Here, we'll study one more type of compound. This is the avyayībhāva, or "uninflected form." As you might guess from the name of this type, avyayibhava compounds are uninflected. All of them are adverbs, and their first members are uninflected words.
अनु + रूप → अनुरूप → अनुरूपम्
anu + rūpa → anurūpa → anurūpam
after + form → "after-form," according to a form → accordingly, naturally
(This prefix is featured on the next page.)
Note that the avyayibhava resembles tatpurusha compounds with verb prefixes, like anukūla. Such tatpurusha compounds, if they are adjectives, can usually become avyayibhava compounds.
The avyayibhava is said to emphasize the first member of the compound more than the second. How, then, should we place the compound in our chart? Well, anurūpam expresses an abstract idea that best matches the sense of the prefix anu, so the first word represents the idea of the compound. But anurūpam is not a sort of rūpam; the word rūpa here just serves to qualify the nature of anu. For that reason, the first word is the main idea and the second is the qualifier.
|Word 2: Idea||Word 2: Qualifier|
|Word 1: Idea||dvandva||avyayibhava|
|Word 1: Qualifier||tatpurusha||???|
In Vedic Sanskrit, verb prefixes are independent words that can appear almost anywhere in the sentence. In later Sanskrit, these independent words became bound to the verb. Some of these words, however, survive in certain circumstances. For example, ā used with case 5 express a limit "up to" something, and anu used with case 2 expressed what occurs "after" something. We'll study these special uses much later in the guide; they don't appear very often.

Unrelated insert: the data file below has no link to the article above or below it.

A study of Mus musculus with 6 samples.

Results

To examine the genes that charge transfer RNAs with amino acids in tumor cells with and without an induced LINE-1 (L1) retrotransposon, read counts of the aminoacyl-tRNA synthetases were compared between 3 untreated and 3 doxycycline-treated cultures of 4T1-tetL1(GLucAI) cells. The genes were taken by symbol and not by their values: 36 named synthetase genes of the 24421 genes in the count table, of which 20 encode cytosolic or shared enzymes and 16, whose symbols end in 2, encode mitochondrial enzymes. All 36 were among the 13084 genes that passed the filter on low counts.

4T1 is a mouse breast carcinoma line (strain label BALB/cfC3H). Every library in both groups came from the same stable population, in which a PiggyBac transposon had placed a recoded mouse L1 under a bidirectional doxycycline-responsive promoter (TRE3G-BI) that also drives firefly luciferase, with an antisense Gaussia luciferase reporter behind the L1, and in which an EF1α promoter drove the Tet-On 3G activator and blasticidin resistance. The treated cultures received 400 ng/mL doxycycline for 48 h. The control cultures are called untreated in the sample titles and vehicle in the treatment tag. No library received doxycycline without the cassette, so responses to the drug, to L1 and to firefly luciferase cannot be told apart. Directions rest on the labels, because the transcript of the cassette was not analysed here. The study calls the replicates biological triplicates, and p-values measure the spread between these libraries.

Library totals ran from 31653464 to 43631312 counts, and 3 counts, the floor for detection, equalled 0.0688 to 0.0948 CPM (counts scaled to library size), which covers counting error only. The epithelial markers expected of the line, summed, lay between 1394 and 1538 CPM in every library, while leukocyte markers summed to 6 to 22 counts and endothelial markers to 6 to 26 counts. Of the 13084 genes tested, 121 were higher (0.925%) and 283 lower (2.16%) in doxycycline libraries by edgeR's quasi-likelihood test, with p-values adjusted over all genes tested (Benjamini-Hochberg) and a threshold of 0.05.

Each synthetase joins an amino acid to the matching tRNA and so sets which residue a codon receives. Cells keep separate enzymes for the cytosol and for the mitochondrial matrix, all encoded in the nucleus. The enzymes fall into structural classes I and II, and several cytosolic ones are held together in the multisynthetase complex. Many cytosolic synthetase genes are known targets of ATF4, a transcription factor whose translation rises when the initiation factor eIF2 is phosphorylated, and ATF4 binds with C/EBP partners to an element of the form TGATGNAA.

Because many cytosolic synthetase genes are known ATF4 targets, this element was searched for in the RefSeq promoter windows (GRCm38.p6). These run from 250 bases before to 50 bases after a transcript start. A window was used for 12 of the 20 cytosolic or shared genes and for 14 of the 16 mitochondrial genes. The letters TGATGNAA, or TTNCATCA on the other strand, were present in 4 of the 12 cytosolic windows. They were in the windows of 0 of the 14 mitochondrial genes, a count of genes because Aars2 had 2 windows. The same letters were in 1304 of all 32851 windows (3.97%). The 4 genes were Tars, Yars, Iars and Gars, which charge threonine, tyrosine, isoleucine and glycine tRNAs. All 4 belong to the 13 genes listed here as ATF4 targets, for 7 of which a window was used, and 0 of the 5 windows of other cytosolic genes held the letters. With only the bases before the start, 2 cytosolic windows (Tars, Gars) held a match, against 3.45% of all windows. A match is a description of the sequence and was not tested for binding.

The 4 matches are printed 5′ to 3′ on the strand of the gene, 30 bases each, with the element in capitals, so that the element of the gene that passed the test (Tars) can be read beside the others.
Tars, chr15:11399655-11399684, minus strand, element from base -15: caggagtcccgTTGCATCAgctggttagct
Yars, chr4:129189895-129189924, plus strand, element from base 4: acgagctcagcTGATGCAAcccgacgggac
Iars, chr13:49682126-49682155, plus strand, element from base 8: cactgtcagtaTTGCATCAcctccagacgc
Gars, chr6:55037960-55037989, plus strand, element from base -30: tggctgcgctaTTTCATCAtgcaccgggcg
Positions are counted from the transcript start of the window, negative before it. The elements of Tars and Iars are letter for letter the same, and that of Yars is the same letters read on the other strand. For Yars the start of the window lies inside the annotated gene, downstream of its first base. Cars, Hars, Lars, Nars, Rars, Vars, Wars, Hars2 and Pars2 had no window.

Tatpurusha compounds with verb roots
Also known as: upapada-samāsa
The second word of a tatpurusha can be an ordinary verb root. Consider the compound analysis below:
भुजैर् गच्छतीति भुजगः
bhujair gacchatīti bhujagaḥ
"It goes with coils", i.e. a snake
Many roots are used this way. Generally, these roots weaken as much as possible; gam becomes ga, sthā becomes stha, and so on. Some roots gain an extra consonant, but we will avoid studying such roots until we learn more about the class of nouns whose stems end in consonants.